In 1981, while some played Pac-man or wrestled with Rubik’s cube, Brazilian artisanal miner Heitor Dimas Barbosa started a seven-year Indiana-Jones-like quest for a special gemstone that was different to anything that had been discovered.Armed only with hand picks, shovels and ropes, Barbosa dug and tunnelled behind the village of Sao Jose de Batalha in the Federal Brazilian State of Paraiba until he was finally rewarded with his precious prize: rare copper-bearing tourmalines in colours so electric – neon blues, electric greens and vivid violets – that they seemed to glow from within.
Celebrated for its stunningly rich colour, fine quality Paraiba tourmaline is 10,000 times more rare than diamond. The secret ingredient to these uniquely-coloured tourmalines is the trace element copper – hence the name “cuprian tourmaline” or “cuprian elbaite” – although colour causing manganese may also be present.
A high copper content can produce blue and turquoise colours while a high manganese content may produce violet and red colours. These red tones can often be eliminated through heat treatment, leaving a pure blue.
Exquisite colour and rarity
The majority of gemstones from Barbosa’s Mina De Batalha deposit are typically small – less than one carat – but what they lack in size, they make up in visual impact. These mini-explosions of colour debuted at the 1990 Tucson Arizona Trade show, and over the next decade, two additional sources of similar copper-bearing tourmalines were discovered in the adjacent state of Rio Grande Do Norte.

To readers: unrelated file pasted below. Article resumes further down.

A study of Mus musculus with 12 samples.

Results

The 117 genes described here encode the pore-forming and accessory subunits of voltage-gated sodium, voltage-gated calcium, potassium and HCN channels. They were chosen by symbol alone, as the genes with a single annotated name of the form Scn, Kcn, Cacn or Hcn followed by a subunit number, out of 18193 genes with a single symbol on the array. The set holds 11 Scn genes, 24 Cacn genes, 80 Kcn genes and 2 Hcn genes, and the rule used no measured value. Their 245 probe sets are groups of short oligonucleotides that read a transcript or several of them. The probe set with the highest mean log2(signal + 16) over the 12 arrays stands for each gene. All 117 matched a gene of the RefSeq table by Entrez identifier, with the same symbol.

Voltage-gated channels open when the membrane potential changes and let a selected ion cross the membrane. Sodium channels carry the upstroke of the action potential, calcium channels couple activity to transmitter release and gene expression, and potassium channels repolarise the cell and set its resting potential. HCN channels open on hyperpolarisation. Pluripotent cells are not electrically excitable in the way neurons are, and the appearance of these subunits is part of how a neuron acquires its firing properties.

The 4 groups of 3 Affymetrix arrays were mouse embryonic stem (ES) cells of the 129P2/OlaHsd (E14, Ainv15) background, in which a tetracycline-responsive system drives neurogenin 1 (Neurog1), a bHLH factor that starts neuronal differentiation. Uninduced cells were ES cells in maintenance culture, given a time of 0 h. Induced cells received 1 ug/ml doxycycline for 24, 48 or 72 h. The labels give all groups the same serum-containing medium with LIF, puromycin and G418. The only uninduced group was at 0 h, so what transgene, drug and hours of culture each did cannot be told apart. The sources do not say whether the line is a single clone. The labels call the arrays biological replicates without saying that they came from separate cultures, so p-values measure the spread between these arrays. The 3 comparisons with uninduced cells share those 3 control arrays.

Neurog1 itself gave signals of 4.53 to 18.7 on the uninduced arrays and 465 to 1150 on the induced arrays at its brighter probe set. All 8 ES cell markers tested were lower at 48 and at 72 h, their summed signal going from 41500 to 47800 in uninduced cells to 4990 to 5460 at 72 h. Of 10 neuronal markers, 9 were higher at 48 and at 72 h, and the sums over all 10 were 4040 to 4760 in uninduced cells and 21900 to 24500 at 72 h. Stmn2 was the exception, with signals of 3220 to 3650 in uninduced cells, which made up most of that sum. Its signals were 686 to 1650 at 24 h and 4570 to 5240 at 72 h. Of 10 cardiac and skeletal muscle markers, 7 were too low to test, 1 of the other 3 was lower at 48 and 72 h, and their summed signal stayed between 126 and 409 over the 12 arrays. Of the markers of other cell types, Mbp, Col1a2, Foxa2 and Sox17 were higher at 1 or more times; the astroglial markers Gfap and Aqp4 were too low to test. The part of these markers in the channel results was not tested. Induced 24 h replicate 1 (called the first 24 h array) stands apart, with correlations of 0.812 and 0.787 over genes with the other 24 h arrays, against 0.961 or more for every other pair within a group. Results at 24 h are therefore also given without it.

This budding industry bloomed and the name “Paraiba” became synonymous with exquisite colour and rarity.
The Paraiba fairy-tale continued with the discovery of two new “stepsisters” in Africa: a Nigerian relative in 2001; and another in Mozambique in 2004. These tourmalines – also copper-bearing and of similar appearance to Brazilian material – occurred in much larger sizes than those found in Brazil, often exceeding 5 to 10 carats. Increased supply meant greater affordability for consumers; however, fine Brazilian material still commanded a premium.
The origin of copper-bearing tourmalines suddenly became an important issue as suppliers of Brazilian material fought to preserve its premium in the marketplace. Laboratory scientists discovered that an advanced spectral analysis technique (LA-ICP-MS) – could be used to separate copper-bearing tourmalines from the three different locations, based on their subtle chemical differences and comparable to a genetic fingerprint.
This breakthrough was a game changer. Dealers could finally offer customers proof of origin to substantiate their claims and prices.
In response, the Laboratory Manual Harmonisation Committee (LMHC) created standardised nomenclature for copper-bearing tourmaline that served as clarification for gemmological laboratories, dealers and consumers alike.
Scientifically speaking, tourmaline is a complex borosilicate rating 7 to 7.5 on Mohs scale of hardness. It prefers the safety afforded by necklaces or earrings, rather than the exposure to potential knocks and ring-mount damage that comes from rings.